Ronda Rousey’s shock defeat on her return to Ultimate Fighting Championship action has raised questions over whether she can continue in the combat sport.
Destroyed in just 48 brutal seconds by Brazilian opponent Amanda Nunes in a pay-per-view pasting, the American icon of the octagon looks to be finished with fighting.
But her popularity and fame means there are many other career options for her going forward if she says farewell to UFC.
Those who died in 2016:
Ronda Rousey’s UFC career
Rousey has said nothing to the media since the shattering defeat but to help her make up her mind, ENTITY lays out six of her options.
Rodeo riders only have to stay in the saddle of a bucking bronco for eight seconds to be winners. That should be achievable for Rousey, who manged 48 seconds of rough and tumble action in her last fight. Yes it’s a rough tough sport with lots of falls and bruises but that’s nothing new to this warrior woman.
Rousey has already appeared in three films – “The Expendables 3,” “Fast and Furious 7” and “Entourage” – and has a starring role lined up in a remake of 1989 Patrick Swayze film “Road House. ” As a film star, she can even demand that a stunt double do the rougher scenes.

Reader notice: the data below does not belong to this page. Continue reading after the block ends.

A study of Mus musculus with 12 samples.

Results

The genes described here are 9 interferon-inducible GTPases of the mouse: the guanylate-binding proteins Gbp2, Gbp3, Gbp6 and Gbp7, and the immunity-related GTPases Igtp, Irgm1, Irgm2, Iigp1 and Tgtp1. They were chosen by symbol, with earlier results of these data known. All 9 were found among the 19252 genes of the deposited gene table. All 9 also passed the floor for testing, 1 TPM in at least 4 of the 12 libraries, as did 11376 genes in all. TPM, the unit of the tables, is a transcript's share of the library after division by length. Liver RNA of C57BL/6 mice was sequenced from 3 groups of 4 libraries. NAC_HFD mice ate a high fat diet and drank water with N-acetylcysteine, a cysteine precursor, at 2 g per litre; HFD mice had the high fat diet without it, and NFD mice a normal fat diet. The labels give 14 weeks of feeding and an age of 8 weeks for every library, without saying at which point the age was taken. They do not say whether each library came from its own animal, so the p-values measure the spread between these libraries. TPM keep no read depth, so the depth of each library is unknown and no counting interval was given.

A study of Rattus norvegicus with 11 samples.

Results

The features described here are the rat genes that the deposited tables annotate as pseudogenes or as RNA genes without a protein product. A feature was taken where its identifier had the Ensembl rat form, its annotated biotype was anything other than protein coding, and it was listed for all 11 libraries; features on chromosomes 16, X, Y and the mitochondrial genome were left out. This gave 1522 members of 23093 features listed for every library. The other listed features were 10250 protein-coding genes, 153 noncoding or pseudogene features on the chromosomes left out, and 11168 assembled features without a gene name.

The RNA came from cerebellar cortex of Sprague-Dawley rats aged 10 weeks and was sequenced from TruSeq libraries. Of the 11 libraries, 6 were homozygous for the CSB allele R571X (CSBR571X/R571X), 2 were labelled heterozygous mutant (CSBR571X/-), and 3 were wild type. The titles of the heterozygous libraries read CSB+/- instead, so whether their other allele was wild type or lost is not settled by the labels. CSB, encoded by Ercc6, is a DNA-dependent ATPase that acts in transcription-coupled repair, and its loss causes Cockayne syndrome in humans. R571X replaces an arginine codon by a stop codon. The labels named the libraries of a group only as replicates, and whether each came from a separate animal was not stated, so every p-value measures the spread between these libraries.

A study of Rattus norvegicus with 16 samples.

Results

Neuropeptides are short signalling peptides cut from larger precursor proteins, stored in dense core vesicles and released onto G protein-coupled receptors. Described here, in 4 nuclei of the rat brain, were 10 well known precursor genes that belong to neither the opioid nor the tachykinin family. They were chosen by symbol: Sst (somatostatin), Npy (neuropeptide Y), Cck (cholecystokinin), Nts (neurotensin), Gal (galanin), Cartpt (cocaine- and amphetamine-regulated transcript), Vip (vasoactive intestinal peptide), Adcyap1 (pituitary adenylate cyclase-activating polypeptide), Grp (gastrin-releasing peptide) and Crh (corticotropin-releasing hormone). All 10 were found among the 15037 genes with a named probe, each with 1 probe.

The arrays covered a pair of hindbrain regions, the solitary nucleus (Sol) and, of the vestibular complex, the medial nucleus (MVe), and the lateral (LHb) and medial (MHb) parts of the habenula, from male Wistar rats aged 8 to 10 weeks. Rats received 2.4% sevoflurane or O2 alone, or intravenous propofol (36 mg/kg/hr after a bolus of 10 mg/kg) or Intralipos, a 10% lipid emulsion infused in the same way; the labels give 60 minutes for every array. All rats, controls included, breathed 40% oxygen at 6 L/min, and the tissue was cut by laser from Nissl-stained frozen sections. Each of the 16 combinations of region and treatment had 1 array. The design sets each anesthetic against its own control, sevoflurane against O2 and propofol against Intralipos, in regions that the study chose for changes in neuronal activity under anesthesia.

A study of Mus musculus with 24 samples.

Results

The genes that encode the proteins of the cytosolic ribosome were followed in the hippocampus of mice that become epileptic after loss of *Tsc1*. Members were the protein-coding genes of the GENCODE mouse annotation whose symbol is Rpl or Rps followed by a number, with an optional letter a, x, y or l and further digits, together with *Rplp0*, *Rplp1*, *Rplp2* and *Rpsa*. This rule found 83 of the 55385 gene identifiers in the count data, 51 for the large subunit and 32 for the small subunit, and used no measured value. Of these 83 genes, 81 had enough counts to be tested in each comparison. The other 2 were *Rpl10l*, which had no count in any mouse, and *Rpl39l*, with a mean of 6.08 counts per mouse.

Rousey is a huge fan of wrestling so maybe a switch to a different, less vicious combat sport could be on the cards. Rousey took her nickname “Rowdy” from late professional wrestler Rowdy Roddy Piper and has appeared at Wrestlemania in the past. She could easily become one of the biggest and richest draws in the sport.
Rousey became the first female athlete to guest host ESPN’s “Sports Center” in 2015 and also impressed when hosting NBC’s “Saturday Night Live” in 2016. Maybe she should hand up her gloves, pick up a microphone and swap fighting for hosting.
Rousey could name her price as a motivational speaker. She has spoken well in the past about her struggles with body image. She explained, “When I was in school, martial arts made you a dork, and I became self-conscious that I was too masculine. I was a 16-year-old girl with ringworm and cauliflower ears. People made fun of my arms and called me ‘Miss Man’. It wasn’t until I got older that I realized: these people are idiots. I’m fabulous.”